Sunday, October 25, 2015

Carpetbagging

I first saw the school around 1972. The early 1970's was a time of transition for the area, a time in retrospect, that changed it from what it was to, well, what it later became. The area was given the soaring name "Independence Gardens" originally, and the legal descriptions of the platted property still identify the area under that name. It later became known as "Carverdale" after George Washington Carver, and the school bearing his name was the first and only colored school in the Cypress-Fairbanks (Cy-Fair) Independent School District.

When I first laid eyes on the school in 1972 it had been closed for about 3 years. There was overgrown shrubbery and a general unkempt appearance to the place. I got my glimpse because my father purchased 2 acres of land adjacent to the school. I remember thinking to myself that we must be the only white landowners in the area, sort of modern day carpetbaggers. This was, as it turned out, not terribly far from the truth. We were part of the beginning of an end when we bought land my father said was an investment.


I attended a suburban all white junior high school when I first glimpsed the school. I naively had no idea why it was empty, so I asked my father. "It's the old colored school for Cy-Fair" was his straightforward reply. Although aware of the changing world around me, the sight of an abandoned school building, in appearance like the bustling school I attended, was a jarring visual that stayed with me. It was like putting eyes on someone of historical importance. You know beforehand they are significant, but seeing and talking to them makes it resonate.

The school was located on Clara Road, named after Clara Scott, the first teacher at the old colored school, which was originally named the Fairbanks Colored School. The name was changed in the 1950's to mirror the then thriving African American community surrounding it. By 1972, things were changing, with Houston encroaching and younger African Americans moving away.

My father promptly dozed under a dilapidated, abandoned pier and beam home there. The widowed old man across the street, living in his own lopsided shotgun house and being of a certain age and disposition, was not shy about registering his disapproval. His chickens squawked and bellowed at the dozer right along with him. By the time the old man died two decades later, the place next door to him had become a industrial oil and gas company. It turned out the old man had not owned the property, but had squatted there. So be it. The oil and gas operation bought the property, leveling the shotgun house and the chicken coop beside it.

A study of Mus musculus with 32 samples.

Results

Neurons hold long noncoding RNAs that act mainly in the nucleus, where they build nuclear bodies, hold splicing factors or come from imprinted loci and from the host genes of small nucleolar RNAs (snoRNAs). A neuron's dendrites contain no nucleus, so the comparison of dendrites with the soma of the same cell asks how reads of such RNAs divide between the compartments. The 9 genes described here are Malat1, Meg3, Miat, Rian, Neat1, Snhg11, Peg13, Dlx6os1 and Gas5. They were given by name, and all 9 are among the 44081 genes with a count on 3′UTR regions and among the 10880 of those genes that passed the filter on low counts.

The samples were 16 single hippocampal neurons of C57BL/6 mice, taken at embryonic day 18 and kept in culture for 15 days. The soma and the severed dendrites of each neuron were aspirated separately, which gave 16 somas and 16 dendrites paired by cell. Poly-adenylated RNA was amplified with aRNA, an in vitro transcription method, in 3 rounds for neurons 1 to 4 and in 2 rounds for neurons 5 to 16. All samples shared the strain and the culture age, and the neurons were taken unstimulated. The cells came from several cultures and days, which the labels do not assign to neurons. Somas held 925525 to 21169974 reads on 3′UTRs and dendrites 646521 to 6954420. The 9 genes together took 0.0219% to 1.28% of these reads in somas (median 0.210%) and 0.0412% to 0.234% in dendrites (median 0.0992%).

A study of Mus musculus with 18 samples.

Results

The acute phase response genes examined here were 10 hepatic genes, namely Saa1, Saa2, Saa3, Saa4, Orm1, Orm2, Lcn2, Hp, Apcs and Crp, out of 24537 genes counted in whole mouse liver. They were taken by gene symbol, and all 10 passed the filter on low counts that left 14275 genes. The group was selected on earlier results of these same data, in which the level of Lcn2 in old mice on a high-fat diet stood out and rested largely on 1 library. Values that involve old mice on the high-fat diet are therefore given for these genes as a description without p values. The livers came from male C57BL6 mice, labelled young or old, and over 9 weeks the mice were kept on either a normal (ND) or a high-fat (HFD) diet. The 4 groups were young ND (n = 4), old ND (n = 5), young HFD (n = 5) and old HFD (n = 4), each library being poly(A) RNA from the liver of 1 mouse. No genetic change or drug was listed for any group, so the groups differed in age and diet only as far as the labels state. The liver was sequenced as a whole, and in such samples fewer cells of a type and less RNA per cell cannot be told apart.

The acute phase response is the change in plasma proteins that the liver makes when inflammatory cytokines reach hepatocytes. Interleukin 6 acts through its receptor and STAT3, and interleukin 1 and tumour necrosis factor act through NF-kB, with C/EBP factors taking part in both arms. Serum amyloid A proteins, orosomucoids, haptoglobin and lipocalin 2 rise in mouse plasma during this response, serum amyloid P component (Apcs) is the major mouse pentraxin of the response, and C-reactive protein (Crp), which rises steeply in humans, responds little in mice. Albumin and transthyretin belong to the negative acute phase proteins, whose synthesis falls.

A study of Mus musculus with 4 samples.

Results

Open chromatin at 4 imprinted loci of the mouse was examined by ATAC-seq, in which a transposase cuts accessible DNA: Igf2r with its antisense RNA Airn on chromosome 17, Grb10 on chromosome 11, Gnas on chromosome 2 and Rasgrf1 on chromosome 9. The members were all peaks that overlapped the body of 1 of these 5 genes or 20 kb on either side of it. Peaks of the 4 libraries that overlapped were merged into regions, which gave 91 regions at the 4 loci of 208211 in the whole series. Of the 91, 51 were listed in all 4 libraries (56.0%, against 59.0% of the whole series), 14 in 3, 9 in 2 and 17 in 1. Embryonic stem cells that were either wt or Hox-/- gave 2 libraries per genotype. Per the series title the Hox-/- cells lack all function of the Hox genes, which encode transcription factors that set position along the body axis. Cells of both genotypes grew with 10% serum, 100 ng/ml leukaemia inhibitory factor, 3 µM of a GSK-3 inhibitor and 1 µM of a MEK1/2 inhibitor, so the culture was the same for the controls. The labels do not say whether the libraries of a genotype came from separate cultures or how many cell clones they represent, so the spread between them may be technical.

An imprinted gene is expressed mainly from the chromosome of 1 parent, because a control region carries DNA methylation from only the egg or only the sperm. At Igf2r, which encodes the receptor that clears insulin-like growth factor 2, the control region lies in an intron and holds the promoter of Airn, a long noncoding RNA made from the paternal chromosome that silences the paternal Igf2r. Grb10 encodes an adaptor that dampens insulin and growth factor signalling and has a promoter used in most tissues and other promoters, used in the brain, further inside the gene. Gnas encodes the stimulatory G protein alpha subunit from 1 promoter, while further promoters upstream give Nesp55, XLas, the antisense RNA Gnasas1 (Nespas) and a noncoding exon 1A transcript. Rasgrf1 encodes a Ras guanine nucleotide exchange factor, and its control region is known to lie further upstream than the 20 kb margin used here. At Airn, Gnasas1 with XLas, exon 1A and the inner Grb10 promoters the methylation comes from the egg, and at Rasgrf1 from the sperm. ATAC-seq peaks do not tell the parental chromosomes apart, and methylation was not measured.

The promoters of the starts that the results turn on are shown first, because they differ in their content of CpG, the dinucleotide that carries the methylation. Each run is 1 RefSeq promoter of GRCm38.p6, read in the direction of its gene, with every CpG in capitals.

Carverdale was (I guess still is) bounded roughly by Clay Road to the south, Hempstead Road to the north, Campbell Road to the east and Brittmore Road to the west. The Sam Houston Parkway now dissects what is left of the community. In the 1950's and 60's it was home for many people providing domestic help to white families living in nearby Spring Branch, then on the outskirts of Houston. Spring Branch was originally settled by German immigrants who had, in typical staid German fashion, named their streets after themselves: Neuens, Maux, Peer and my favorite, a street with a first and last name, Conrad Sauer.

Carverdale, on the other hand, had exotic street names: Algiers, Bamboo, and Morocco.

These are the things my 12 year old self noticed.

The old colored school was later leased by Cy-Fair ISD to Houston Community College (HCC) as a campus. My sister, brother and I all took classes there. It gave us a sense of satisfaction to know the history of the structure where we were taking college credit courses. HCC stopped using the campus in the late 1990s.

Eventually Cy-Fair ISD sold the land which the once proud Carverdale Cobras called home. It is now a industrial park. Seems a shame. Like much of the segregated past we would just as soon not talk much about, the school and community has for the most part passed into history.

Not long after the sale of the school property, and some 40 years after buying the 2 acres beside it, my family sold our investment property. Before, it had once been a home next to a school, with a man and his wife squatting on land with a chicken coop across the street. By the time it sold, the property had become something much colder and indifferent: Commercial property adjacent to a industrial park.